By Eric Reinhardt


Vehicles traveling along Interstate 81 (I-81) in the early evening hours. Work on the six-year, $2.25 billion I-81 viaduct-replacement project is set to begin this fall. (PHOTO CREDIT: ZOEYADVERTISING.COM)

SYRACUSE — The New York State Department of Transportation (NYSDOT) is planning to get started with the Interstate 81 viaduct-replacement project this fall.

However, as of late August, the department hadn’t yet chosen a specific date, a NYSDOT spokesman told CNYBJ in an email message.

The six-year, $2.25 billion project will replace the elevated viaduct of Interstate 81 (I-81) through downtown Syracuse.

The U.S. Department of Transportation’s Federal Highway Administration and NYSDOT on May 31 signed the final documents for the project. NYSDOT then posted the formal record of decision (ROD) later that week. 

“Construction will begin later this fall on the community grid alternative,” NYSDOT Commissioner Marie Therese Dominguez said in her remarks on May 31, announcing the signing in speaking with reporters. “This has been a long time coming, to say the least. But, out of all of the options that we thoroughly studied, the community grid alternative represents a generational opportunity for the city of Syracuse and its surrounding communities.” She spoke beneath the elevated viaduct across Erie Boulevard from the Erie Canal Museum.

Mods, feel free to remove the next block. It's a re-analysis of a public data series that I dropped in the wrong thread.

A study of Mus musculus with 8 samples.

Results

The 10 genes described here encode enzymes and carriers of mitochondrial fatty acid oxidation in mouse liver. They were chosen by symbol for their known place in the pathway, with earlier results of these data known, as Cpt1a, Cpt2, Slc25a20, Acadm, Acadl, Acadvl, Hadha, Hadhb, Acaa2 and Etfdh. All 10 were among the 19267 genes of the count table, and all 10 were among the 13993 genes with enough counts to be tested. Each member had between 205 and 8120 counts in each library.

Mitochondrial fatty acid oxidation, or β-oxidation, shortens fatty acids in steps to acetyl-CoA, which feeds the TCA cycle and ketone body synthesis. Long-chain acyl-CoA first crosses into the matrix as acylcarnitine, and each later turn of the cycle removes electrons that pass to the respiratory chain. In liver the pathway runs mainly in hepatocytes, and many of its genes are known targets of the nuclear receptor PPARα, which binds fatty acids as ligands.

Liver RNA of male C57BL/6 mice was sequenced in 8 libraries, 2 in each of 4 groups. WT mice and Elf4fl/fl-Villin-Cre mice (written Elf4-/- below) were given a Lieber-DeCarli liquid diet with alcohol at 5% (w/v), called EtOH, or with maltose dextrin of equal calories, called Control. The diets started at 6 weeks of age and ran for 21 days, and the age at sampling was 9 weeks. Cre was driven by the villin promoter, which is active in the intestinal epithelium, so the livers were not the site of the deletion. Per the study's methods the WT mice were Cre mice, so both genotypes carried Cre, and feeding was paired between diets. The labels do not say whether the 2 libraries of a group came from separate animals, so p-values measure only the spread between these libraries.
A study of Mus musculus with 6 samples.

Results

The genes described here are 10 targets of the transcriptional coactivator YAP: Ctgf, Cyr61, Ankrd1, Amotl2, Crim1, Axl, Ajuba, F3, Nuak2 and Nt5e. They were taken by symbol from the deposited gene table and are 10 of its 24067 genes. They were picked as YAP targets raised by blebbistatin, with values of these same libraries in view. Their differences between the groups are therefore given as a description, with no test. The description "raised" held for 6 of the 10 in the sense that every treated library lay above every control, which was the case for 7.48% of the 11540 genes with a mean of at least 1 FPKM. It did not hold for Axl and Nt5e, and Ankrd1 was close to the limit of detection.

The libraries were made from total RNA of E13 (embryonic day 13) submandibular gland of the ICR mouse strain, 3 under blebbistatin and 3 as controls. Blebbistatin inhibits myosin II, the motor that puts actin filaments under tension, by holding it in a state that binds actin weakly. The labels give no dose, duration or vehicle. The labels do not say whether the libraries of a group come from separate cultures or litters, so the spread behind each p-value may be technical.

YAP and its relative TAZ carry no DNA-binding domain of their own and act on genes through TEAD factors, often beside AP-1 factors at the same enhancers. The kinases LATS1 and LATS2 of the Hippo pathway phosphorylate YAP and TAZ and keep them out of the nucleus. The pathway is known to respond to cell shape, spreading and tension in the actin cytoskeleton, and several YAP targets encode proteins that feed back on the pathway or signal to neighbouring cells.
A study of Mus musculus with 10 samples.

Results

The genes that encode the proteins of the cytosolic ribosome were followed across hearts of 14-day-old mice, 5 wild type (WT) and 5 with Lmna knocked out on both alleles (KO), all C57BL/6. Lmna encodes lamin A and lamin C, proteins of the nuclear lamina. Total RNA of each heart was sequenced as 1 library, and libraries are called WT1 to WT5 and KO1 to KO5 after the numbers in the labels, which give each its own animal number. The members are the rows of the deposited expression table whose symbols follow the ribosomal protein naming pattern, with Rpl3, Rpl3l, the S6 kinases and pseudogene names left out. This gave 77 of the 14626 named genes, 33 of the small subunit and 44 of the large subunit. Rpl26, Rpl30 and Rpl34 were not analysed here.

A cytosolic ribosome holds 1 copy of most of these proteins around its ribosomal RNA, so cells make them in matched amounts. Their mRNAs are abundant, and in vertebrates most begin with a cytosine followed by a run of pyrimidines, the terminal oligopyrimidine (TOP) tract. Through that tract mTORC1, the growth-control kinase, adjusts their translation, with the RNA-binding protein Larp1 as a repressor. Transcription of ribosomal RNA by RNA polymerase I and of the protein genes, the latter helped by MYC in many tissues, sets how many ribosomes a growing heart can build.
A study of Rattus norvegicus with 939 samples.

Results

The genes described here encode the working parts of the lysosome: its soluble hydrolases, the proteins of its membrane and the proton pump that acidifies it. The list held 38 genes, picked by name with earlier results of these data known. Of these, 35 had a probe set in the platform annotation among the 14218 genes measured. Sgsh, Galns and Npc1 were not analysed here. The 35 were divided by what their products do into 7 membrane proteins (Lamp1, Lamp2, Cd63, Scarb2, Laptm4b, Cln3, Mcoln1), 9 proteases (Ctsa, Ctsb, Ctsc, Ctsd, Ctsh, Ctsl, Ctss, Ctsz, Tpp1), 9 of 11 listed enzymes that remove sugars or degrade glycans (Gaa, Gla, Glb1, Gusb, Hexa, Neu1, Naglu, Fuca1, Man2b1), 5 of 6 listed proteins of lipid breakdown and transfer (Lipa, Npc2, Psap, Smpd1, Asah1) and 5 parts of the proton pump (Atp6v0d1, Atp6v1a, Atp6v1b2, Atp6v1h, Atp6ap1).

The elevated portion of I-81 won’t go out of service until sometime in 2025.


At $2.25 billion, it represents the largest Upstate project that NYSDOT has ever undertaken, she noted. 

The first phase will last about three years through 2025, with the second phase beginning in 2026 and slated to be complete by the end of 2028, Mark Frechette, NYSDOT’s I-81 project director, said. Central New Yorkers should also keep in mind that the elevated portion of I-81 won’t go out of service until sometime in 2025, he stressed. 

Frechette called the record of decision a “major milestone” for the I-81 project.

“It is the final selection of the … community grid alternative, not only by the state of New York but also by the Federal Highway Administration,” he said. Frechette and additional members of the NYSDOT team working on the project joined Dominguez for the signing announcement. 

As part of the multi-billion project, the existing elevated structure “that has divided the City of Syracuse for decades and disproportionately impacted residents of color” will be replaced by a new Business Loop 81 with an integrated community grid that will disperse traffic along local north-south and east-west streets, per the office of Gov. Kathy Hochul. Portions of Interstates 481 and 690 will also be reconstructed to accommodate high-speed traffic going around and through the city.